Air Tanzania, which is gearing up for its international debut flight as part of efforts to expand operations, narrowed its losses to $1.9 million in 2017, from $6.2 million the previous year.
Chief executive Ladislaus Matindi attributed its improved performance to intensive marketing and government support.
“Our revenue has grown sixfold from $305,660 in 2016 to $1.9 million last year, while our market share has increased to 24 per cent from 2.5 per cent when we relaunched,” he said.
The airline is expected to fly to India in September, with a possible European touchdown in 2022.
The carrier also plans to start direct flights from its Dar es Salaam hub to Entebbe next week, with a possible stopover at Kilimanjaro International Airport in Arusha.
Air Tanzania, which bought a Boeing 787 Dreamliner in July, expects a second one in early 2020, for deployment on the European route, with a possible first stop in London.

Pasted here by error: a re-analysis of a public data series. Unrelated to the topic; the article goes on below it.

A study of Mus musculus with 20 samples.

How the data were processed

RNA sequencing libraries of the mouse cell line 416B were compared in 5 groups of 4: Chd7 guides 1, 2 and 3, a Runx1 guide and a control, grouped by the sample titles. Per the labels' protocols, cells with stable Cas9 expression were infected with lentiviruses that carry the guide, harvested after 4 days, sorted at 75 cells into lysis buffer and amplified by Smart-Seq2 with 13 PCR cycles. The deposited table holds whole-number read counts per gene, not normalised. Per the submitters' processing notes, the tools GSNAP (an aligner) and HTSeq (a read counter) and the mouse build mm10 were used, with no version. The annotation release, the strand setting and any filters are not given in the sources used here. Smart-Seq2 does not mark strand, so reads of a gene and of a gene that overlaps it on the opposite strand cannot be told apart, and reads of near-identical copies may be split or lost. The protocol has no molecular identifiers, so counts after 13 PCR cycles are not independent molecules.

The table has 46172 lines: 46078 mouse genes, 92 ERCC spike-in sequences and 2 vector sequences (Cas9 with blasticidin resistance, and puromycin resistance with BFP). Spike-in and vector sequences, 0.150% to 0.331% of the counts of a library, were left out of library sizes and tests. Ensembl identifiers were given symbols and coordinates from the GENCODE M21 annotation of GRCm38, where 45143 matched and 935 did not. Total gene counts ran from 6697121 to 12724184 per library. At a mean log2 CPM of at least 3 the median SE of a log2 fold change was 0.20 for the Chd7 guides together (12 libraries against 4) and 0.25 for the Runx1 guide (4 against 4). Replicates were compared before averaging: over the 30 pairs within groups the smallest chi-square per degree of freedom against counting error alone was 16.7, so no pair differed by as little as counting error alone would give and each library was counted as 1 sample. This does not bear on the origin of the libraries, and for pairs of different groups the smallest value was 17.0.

The national carrier also said it is expecting delivery of two A220-300s from Airbus towards the end of the year, to bolster its regional routes and launch new African destinations.
“We are making these potential routes a priority due to low competition, but we are aware of the potential of European destinations. However, we are also alive to the dangers of the aviation business and especially establishing new routes, so we are cautious. We hope to breakeven in the next five years,” said Mr Matindi.
The airline is expected to start its second regional route after Comoros, with flights to Entebbe and Bujumbura, bringing competition to the doorstep of the Kenyan and Rwandan national carriers, which have over the years dominated these routes via their respective hubs in Nairobi and Kigali.
Its first Dreamliner, which has been plying the Mwanza, Kilimanjaro, Dar es Salaam routes, is expected to be deployed on the regional routes before its September flight to India.
The airline plans to start flights to Guangzhou in China in December.